Published: August 28th 2017 by Curiosity Quills Press
IMAGINE THAT you could change your world with the flip of a switch. You might be prettier, more athletic, more popular, or even living on an exotic island, because your history—your world line—would be different. But here’s the catch: you have no way of knowing if the reality on the other side of that switch will be better… or much worse.
JACOBUS ROSE is a fifteen year-old who believes—as many fifteen year-olds do—that his life could use improvement. School is a numbing routine, and his parents’ marriage seems to be imploding before his eyes. ‘Maybe I was born into the wrong world,’ he thinks. Lured by his best friend, CONNOR, into a strange little house containing nothing but empty rooms and an oversized circuit breaker, he’ll discover that reality comes in a plural form, and that our choices create a continuous web of branching worlds, any of which is as ‘real’ as another.
A solo odyssey becomes a duo, a trio, and then a quartet, as Jacobus befriends other interdimensional travelers along the way: GORDON NIGHTSHADE, the veteran pilgrim and chief theorist; MOSES DeWITT, the alley cat with an old soul; JEMMA DOONE, a girl of many-worlds who becomes the main river home for Jacobus and his crew; and finally, his lost friend Connor, who just may have preferred an alternate universe to his own.
THE SWITCH is the story of their journey home. The question is: if they get there, will it be the same place they left behind?
Note: I received a review copy of this book via Netgalley. This in no way influences my opinion.
I first discovered this book on Netgalley. The cover is eye catching and the premise sounded extremely promising – so of course, I had to request it! However, for me, this book fell flat and didn’t live up to its promise – I ended up DNFing.
I think my biggest issue with this book was the writing style itself. Whilst I don’t mind the author breaking the fourth wall and having the characters’ speak directly to the reader, it has to be done right for it be successful. For me, it wasn’t done right and was written more as if the character was stood with me talking to me, rather than hooking me into the story itself. The writing was very much “and then this happened, and then that happened…” which irritated and bored me. The writing style itself affected the execution and it just didn’t work for me.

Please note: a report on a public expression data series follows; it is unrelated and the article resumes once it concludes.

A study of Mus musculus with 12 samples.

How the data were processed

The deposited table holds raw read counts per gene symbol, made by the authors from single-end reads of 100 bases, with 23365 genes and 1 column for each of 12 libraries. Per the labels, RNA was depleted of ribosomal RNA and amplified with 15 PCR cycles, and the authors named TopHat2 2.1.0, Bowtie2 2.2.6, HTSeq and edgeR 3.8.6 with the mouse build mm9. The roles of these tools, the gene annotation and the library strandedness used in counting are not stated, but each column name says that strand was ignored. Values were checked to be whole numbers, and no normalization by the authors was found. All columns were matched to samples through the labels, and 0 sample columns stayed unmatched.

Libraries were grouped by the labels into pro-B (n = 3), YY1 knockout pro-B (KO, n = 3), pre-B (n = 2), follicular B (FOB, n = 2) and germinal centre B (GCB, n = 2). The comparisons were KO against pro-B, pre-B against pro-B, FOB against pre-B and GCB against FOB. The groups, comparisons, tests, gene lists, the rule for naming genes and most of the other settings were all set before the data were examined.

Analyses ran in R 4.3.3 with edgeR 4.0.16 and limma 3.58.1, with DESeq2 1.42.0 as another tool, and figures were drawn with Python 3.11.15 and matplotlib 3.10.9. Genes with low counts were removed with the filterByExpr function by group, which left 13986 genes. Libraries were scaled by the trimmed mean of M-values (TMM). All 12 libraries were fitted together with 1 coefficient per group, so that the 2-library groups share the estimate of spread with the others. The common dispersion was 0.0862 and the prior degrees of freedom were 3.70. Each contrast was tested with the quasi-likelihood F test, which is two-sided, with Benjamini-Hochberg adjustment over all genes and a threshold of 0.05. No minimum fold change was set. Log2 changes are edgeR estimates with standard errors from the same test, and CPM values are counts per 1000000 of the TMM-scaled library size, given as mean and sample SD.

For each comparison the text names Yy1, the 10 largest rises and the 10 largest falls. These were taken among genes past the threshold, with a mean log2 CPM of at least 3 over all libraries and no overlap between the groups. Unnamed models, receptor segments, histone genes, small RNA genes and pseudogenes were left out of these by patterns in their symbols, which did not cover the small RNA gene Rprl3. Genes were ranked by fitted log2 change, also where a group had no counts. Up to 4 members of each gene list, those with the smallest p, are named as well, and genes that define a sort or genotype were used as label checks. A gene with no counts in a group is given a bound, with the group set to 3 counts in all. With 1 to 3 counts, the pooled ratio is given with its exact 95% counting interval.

Another issue I had with this book was the plot. Whilst the premise sounded extremely promising, I don’t feel that the plot lived up to my expectations. It was relatively repetitive, which made me want to put the book down and do something else. I loved the idea of multiple realities and all of them being different, but I would have liked to have seen more of the reality that he switched to before he switched again. The multiple switches in such a short space of time meant that we didn’t really get to see a lot from the other characters and how they changed etc.
Which brings us to the next issue, which was the characters. They fell mostly flat for me, but I think that was because the authors didn’t give us enough time to really get to know and care about the characters before switching them out for another reality and a new set of personalities. I didn’t have that reader/character connection because I felt that I wasn’t given the opportunity to really get to know anyone other than Jacobus
All in all, I was pretty disappointed with this book. Whilst the premise itself was extremely promising, I don’t feel that it lived up to that promise. I gave this 1/5 stars.